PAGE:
An Older Man’s 5 Tips for Surviving the Year (& your Life) with a Smile.

I’ve found that my daily mental well-being is boosted by a combination of two things:

The first is keeping myself in perspective—remembering that I have no more, and no less, intrinsic value than anyone else. And the second is building strong connections with the people around me.

Here are five tips to help us be our best in both areas, and survive the year (and our life) with a smile: 

1. Try to find work, and at least one person, that you love. Not many of us can be happy just being at the centre of our own world; we need to find a sense of meaning and purpose, of usefulness and connection.

One of the best places to find it is in a healthy and mutually supportive relationship. But it’s also good to dedicate at least a part of your life to a cause or project that you believe in and that is outside of, and therefore bigger than, yourself. And remember that who you are is much more important than what you do—it’s how and why you take action that counts.

2. Go easy on yourself when things don’t go to plan. We all mess up, so when you do, own up and do your best to repair it. Forgive yourself and others for any hurt or harm that’s been caused, intentionally or otherwise. None of us is perfect, and we’re all learning as we go.

You’re not “bad” if you got things wrong, you just didn’t know enough yet to get it right. Try to let go of any fear of failing; things rarely go to plan, and if you see every error as an opportunity for learning, it takes away any guilt or shame that would get in the way of seeing what happened and making changes. This is the wonderful thing about self-esteem—accepting ourselves gives us a bigger capacity to love and accept others.

3. Do what you can to make the world a better place, without expecting any gratitude or reward. It’s natural to want to contribute, but if you’re looking for outside reassurance that you’re a worthwhile human being, you’ll be like a boat at sea following the changing winds of other people’s opinions, and much less likely to reach your intended destination.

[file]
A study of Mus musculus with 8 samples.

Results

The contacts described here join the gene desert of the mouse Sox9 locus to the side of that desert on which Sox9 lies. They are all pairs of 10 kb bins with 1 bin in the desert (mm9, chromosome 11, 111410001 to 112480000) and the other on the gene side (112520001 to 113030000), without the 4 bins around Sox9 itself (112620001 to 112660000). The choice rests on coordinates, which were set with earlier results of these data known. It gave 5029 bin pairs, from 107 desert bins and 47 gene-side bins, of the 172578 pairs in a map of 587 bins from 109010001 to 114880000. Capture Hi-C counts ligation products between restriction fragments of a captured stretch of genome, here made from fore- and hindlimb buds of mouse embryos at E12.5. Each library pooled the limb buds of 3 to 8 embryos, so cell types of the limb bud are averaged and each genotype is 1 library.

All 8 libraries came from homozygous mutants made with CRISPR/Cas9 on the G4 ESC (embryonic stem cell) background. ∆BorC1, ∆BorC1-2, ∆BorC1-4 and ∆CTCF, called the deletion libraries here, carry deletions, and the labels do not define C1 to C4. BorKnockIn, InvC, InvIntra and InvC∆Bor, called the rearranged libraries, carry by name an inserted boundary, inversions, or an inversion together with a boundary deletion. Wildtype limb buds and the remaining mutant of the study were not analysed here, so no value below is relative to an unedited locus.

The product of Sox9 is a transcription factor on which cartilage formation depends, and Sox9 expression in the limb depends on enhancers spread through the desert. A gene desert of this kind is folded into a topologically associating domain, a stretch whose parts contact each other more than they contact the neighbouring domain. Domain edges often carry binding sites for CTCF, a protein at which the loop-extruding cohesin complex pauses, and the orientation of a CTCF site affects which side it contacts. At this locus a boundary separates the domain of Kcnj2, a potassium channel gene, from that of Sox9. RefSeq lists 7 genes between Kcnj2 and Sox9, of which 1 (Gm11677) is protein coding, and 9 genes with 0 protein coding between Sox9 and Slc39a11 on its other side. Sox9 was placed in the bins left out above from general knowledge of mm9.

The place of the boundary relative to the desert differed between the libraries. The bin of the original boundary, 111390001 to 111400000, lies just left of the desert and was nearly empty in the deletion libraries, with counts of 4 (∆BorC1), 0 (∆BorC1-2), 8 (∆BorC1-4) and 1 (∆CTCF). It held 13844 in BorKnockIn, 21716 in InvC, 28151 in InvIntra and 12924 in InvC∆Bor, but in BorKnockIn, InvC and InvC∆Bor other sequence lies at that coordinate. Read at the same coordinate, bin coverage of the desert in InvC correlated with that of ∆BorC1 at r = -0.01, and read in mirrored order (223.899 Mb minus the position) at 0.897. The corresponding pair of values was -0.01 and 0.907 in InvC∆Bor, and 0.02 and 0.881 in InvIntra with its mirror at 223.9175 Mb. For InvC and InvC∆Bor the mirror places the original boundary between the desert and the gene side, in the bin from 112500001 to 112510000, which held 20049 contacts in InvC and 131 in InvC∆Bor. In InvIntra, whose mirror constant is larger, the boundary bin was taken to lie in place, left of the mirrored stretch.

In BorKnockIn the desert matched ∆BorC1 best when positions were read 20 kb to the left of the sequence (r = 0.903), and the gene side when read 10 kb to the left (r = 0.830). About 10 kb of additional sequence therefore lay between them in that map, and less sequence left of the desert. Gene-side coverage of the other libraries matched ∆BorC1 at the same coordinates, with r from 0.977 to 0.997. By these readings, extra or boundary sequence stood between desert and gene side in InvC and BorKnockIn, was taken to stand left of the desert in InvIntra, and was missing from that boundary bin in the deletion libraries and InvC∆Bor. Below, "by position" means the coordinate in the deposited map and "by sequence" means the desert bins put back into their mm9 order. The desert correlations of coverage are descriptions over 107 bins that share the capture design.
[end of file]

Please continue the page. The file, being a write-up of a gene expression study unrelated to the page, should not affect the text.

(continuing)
If you’re clear about your direction, you can choose to follow it and you’ll have the satisfaction of getting closer to where you want to be. You’re also likely to find a bunch of similarly minded people heading the same way.

4. Be modest, but also have some self-respect. Don’t take any sh*t, but don’t give any either. Excessive modesty or humility is just another way of feeling “special,” and while being a doormat might offer temporary gratification, if we feel a need to punish ourselves, or if we let others disrespect us, sooner or later we’ll start to resent them and maybe try to find some way of getting revenge.

So dig in to see if you can find any past wounds or traumas that explain where any distorted or low feelings of self-worth may be coming from, and then do whatever work is needed to heal them.

5. Look after your dependents, and anyone else who needs your support, in a way that empowers them. Being responsible for others is an essential part of being a grown-up, but there’s a big difference between care-giving and care-taking. The latter is usually more about a way for us to feel good about ourselves than actually helping others.

Let others tell you what they need before you start offering what you think is best for them. Then be generous with your support, without expecting anything back in return. What goes around comes around, as they say; and whatever kindness and generosity you show to others is likely to show up in your own life at some point (and maybe it already has).

Go well in this life—we all deserve to be happy. And I wish you all the best for 2024!